Facebook to add labels to identify state-controlled media
Facebook has announced that it will be adding labels that will be used to identify state-controlled media. As per this move, Facebook will soon add labels to news outlets owned or controlled by a government. It marks that information will be marked unreliable. this feature will further strengthen Facebook as an “anti-false news platform”.
Facebook will also begin barring state-controlled outlets from buying advertising in the US later this summer. Facebook will add similar labels to ads by such news outlets, blocking them entirely ahead of the US polls in November to protect any foreign influence in the public debate.
This policy will be rolled out to all users next week. The company announced its plan as one part of its ongoing election integrity efforts banning anti-voting ads and amid debate over how social network handles misinformation including content from US President Donald Trump.
Under the new policy, Facebook will label content produced by media outlets endorsing a policy the social media giant first announced in October 2019. News organizations under the influence of a government will have a subtle but clear label as to their positions.
The company’s announcement came through a blog post which was written by Nathaniel Gleicher, Head of Cybersecurity Policy at Facebook. He said, “We want to help people better understand who’s behind the news they see on Facebook, today we’re starting to apply labels to those state-controlled media outlets.”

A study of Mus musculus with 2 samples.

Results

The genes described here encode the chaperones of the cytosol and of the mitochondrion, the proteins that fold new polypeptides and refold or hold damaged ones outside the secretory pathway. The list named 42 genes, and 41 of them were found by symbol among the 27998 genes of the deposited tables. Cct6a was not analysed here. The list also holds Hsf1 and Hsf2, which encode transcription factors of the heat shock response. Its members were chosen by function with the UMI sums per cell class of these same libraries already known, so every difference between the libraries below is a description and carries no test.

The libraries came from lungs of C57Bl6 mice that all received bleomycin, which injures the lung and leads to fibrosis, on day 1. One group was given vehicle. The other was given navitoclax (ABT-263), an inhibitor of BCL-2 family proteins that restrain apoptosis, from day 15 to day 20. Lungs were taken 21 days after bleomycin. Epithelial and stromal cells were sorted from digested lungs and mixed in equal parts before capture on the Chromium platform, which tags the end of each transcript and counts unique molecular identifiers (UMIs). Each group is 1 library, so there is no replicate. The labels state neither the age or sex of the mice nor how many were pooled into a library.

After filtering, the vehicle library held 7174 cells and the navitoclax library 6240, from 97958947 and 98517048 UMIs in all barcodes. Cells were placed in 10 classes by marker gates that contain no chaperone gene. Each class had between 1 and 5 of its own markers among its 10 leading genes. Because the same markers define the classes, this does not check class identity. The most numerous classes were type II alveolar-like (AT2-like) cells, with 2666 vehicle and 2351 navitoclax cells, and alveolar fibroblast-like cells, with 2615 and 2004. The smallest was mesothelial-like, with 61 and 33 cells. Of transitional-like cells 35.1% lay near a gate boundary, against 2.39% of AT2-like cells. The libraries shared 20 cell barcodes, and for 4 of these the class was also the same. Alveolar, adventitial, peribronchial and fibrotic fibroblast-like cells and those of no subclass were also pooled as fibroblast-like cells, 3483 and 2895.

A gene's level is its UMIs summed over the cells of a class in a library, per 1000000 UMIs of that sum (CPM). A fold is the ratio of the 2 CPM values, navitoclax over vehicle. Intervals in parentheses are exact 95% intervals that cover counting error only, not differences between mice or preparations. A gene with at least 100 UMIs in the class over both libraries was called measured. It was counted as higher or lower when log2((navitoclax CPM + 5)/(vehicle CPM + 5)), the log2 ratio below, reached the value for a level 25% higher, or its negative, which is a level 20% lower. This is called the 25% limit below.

He added in the blog post, “We are providing greater transparency into these publishers because they combine the influence of a media organization with the strategic backing of a state, and we believe people should know if the news they read is coming from a publication that may be under the influence of a government.”
In his blog post, Gleicher further remarked that the company has a belief that people should know if the news they read is coming from a publication that could be under the influence of a government.
Facebook is also in the process of setting up a board to make collective determinations on content removal.
The label will not be applied to news posts or organizations that base their reporting only on state-controlled media. Nor will their information be published by these label organizations for special investigation or fact-checking.
Over not adding a label Gleicher said, “If we determine that there are protections in place to ensure editorial independence, we will not apply the label.”
In January this year, Facebook had announced a feature on its platform that helped to reduce the level of precision with which advertisers can target users. This feature also put the responsibility on the users to inform the company if they did not want to see political ads. Recently, Facebook was under flak over not taking an action against posts by President Trump that spread false information about voting by mail.